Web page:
Here at Ridiculous Upside we try to promote D-League players and other high potential players, and Kendall Williams is the latter of the two.
During his high school days at Los Osos High School in California, Williams stood as one of the best players in Cali as he was named all-state and a two time all-CIF selection for the Grizzles. That great performance from Williams caught the attention from a multitude of college teams on the west coast. One of those squads included the UCLA Bruins. Before Williams was even able to finish his sophomore season, he was able to verbally commit to the UCLA Bruins.
However, the optimism surrounding Williams quickly took an unfortunate left turn before he was set to begin his senior season. In July 2009, UCLA pulled Williams’ scholarship due to how then-UCLA coach Ben Howland was concerned over his on-court behavior. While Williams was surprised by that unfortunate news, he didn’t allow the negativity to prevent him from continuing to shine where it really counts: on the court. During his senior season, Williams impressed as he averaged 22.4 points, 4.8 assists, 2.9 steals and 7.8 rebounds per game on 46% from the field.
While he was shining as a senior, Williams was still looking for a place to play after graduation. During that process, Williams visited elite programs like Clemson, Illinois and Marqutte. However, in March 2010 Williams decided he will play for the University of New Mexico, where he was going to be a Lobo.
In a recent interview with Ridiculous Upside, Williams described that decision to head to become a Lobo. “New Mexico at the time was a top-10 team, as well as being a program on the rise, so that is a main reason why I chose to go there.” Williams told Ridiculous Upside. “That on top of Coach Steve Alford and the rest of the staff, fans and total basketball atmosphere drew me to Albuquerque and the University of New Mexico.”
At New Mexico, Williams put up incredible numbers. As in his freshman year Williams played in 35 games and started 34, while averaging 30.5 minutes per game. Williams put up 11.6 points, 3.0 rebounds and 4.0 assists while shooting 45.7% from the field and a impressive 42.6% from three. Williams only continued to improve on a year-by-year basis to the point where he stood as an elite backcourt player as a senior.
During that final season, Williams averaged 16 points, 4.9 assists and 3.6 rebounds per game on 43% from the field and 39% from beyond the arc. That great play as a pushed Williams to being on the Mountain West All-Tournament squad. Following that season, Williams seemed to be on the verge of being a late 2nd round pick or just being an undrafted free agent signing. Unfortunately for Williams, he failed to get either and went overseas.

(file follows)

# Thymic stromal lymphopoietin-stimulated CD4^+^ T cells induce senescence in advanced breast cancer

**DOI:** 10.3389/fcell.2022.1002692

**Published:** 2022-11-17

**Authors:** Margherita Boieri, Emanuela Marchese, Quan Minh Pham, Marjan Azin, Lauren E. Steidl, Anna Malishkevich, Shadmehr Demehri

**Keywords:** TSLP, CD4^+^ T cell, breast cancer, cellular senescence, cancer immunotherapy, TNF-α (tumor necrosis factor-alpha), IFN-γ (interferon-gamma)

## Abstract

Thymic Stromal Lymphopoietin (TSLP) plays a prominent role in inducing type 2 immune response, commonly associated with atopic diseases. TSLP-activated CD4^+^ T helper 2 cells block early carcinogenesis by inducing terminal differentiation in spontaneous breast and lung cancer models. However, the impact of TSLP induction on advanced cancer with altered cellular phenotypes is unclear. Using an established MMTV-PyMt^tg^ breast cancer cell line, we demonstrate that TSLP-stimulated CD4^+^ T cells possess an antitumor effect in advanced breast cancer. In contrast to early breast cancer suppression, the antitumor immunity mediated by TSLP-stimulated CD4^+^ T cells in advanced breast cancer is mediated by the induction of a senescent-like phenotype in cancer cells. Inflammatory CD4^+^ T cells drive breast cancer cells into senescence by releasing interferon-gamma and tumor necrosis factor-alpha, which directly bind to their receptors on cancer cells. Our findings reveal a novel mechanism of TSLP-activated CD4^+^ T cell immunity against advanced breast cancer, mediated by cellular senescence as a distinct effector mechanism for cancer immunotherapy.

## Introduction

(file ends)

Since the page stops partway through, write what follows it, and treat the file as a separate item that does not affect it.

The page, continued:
After going undrafted in 2014, Williams signed with the Victoria Libertas of the Lega Basket Serie A, where he averaged 5.7 points, 3.8 rebounds and 2.8 assists on a below-average 34% from the field. Following that stint, Williams had a brief “cup of coffee” for Fileni Jesi where he only played nine games.
Following those stints overseas, Williams returned to North America where he signed with the London Lightning of the NBL Canada in September 2016. However, Williams had a quick change of mind during that off-season as he decided to enter that year’s NBA D-League Draft.
That decision seemed to pay off for Williams as the Raptors 905 selected Williams with their fourth round pick. In Mississauga, Williams reportedly looked very good in training camp and pre-season for the 905. However, Williams was unfortunately the last Raptors 905 players to get waived due to the team’s need for more depth in their front-court. After getting waived, Williams went back to New Mexico to sort out his options and talk to friends and family about his next move.
After laying low for a little more than three months , Williams is now ready to get back on the court in the NBA D-League. That return to the court may come soon, as sources close to Williams have told Ridiculous Upside that more than five D-League teams have shown interest in the 25-year-old guard. While that interest also comes from multiple squads overseas, Williams is reportedly focused on playing ball in North America.
While the NBA D-League is filled with solid guards, Williams should still be looked at as a solid signing for an NBADL squad. That’s due to Williams standing as a 6’4 guard that has a solid outside touch (shot 38% from the field in college), while also working as a facilitator. Those facilitating skills are shown by him averaging 4.5 assists per game while maintaining a 2.17 Ast/TO ratio.
Although it’s been a while since most basketball fans have seen Kendall Williams play, it’s time for a D-League team to give Kendall Williams a shot due to his experience and his stance as an efficient and versatile offensive weapon.